Canadian History Dictionary Gerrymander
See Redistribution Bill.
Studied law at Lincoln's Inn, and called to the bar,
1791. In ...
(George Brown Era) Ended by repeal of corn laws, 31; protests
(Sir John A Macdonald era) Adopted by Liberal party, 262; campa...
Vauquelin Jean 1726-1763 Born In Caen France Entered The Navy
and in 1745 successfully engaged a British frigate off Martiniq...
Pointe Au Fer
(Lord Dorchester era) British troops concentrated at, 153.
Former name of the city of Ottawa. =Index=: (Sir John A Macdona...
Carleton Lady Maria
(Lord Dorchester era) Gains social popularity at Quebec, 162;
Capital of the province of Ontario. The name is of Huron
(Lord Dorchester era) Deputy postmaster-general, 243; expresses...
Index : Baldwin / La Fontaine / Hincks Era His Interview With La Fontaine Discusses Constitutional
government, 172-173, 174, 175, 176.
Sault Ste Marie
The county seat of Chippewa County, Michigan, on the
(Sir John A Macdonald era) Meaning of the term--attitude of pub...
The history of this feudal system of land tenure,
Meilleur Jean Baptiste 1795-1878 Born In St Laurent Near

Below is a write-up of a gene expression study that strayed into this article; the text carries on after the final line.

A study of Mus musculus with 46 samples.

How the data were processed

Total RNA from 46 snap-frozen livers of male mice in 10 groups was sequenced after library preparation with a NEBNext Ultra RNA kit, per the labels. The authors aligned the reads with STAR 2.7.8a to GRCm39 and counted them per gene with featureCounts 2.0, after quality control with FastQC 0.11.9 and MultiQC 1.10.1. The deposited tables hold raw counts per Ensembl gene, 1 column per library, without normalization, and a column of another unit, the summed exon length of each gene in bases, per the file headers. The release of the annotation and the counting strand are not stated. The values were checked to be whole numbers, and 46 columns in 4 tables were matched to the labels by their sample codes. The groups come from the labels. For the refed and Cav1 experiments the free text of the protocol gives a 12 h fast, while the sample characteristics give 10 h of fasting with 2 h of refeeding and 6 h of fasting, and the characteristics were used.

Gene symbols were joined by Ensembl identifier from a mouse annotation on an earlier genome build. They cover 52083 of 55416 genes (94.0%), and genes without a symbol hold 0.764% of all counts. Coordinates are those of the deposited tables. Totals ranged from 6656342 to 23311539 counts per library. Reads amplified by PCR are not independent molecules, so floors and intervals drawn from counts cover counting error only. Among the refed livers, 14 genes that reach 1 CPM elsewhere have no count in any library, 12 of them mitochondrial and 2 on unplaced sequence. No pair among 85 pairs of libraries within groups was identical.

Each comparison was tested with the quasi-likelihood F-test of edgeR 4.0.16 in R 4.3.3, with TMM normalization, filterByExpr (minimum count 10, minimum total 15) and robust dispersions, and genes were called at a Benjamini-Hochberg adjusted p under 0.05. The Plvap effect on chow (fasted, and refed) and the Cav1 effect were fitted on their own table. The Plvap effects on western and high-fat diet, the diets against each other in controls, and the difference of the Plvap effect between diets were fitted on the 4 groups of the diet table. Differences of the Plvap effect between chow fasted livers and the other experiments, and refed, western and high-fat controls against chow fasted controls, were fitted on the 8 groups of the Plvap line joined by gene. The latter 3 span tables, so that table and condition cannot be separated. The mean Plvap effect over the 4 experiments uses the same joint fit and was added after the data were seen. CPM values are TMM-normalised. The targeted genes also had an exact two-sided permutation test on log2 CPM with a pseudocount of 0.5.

Montreal. Educated at the College of St. Sulpice, Montreal; stu...
Bib : Dict Nat Biog
The popular name given to the Temperance Act introduced by
Index : Lord Dorchester Era Heads Commission To Enquire Into Affairs In Canada 135
his report, 136. (Wolfe / Montcalm era) Did not believe British...
Bib : Canada: An Ency Vols 2 3 And 4 Chauveau L'instruction
Publique; Dawson, Fifty Years' Work in Canada; Hodgins, Documen...
Parliaments In France
(Count Frontenac era) Subjection of, to royal power, 152.
A Western confederacy, of Siksika stock. First
described in the journal of Anthony Hendry, 1754-1755, and again by
Matthew Cocking, 1772-1773. They were then known to the Crees as the
Archithinue. Cocking also gives the following for the five tribes in the
confederacy: Powestic-Athinuewuck or Water-fall Indians;
Mithco-Athinuwuck or Bloody Indians; Koskitow-Wathesitock or
Black-footed Indians; Pegonow or Muddy-water Indians; and Sassewuck or
Woody-country Indians. Their habitat was then, and until comparatively
recent times, in the foot-hills of the Rocky Mountains, on the upper
waters of the Saskatchewan. They are now for the most part on
reservations in Alberta. =Bib.=: Petitot, Traditions Indiennes du
Canada Nord-Ouest; Grinnell, Blackfoot Lodge Tales; Hendry Journal
(R. S. C., 1908); Cocking Journal (R. S. C., 1909); Franklin, Polar
Sea; Catlin, North American Indians.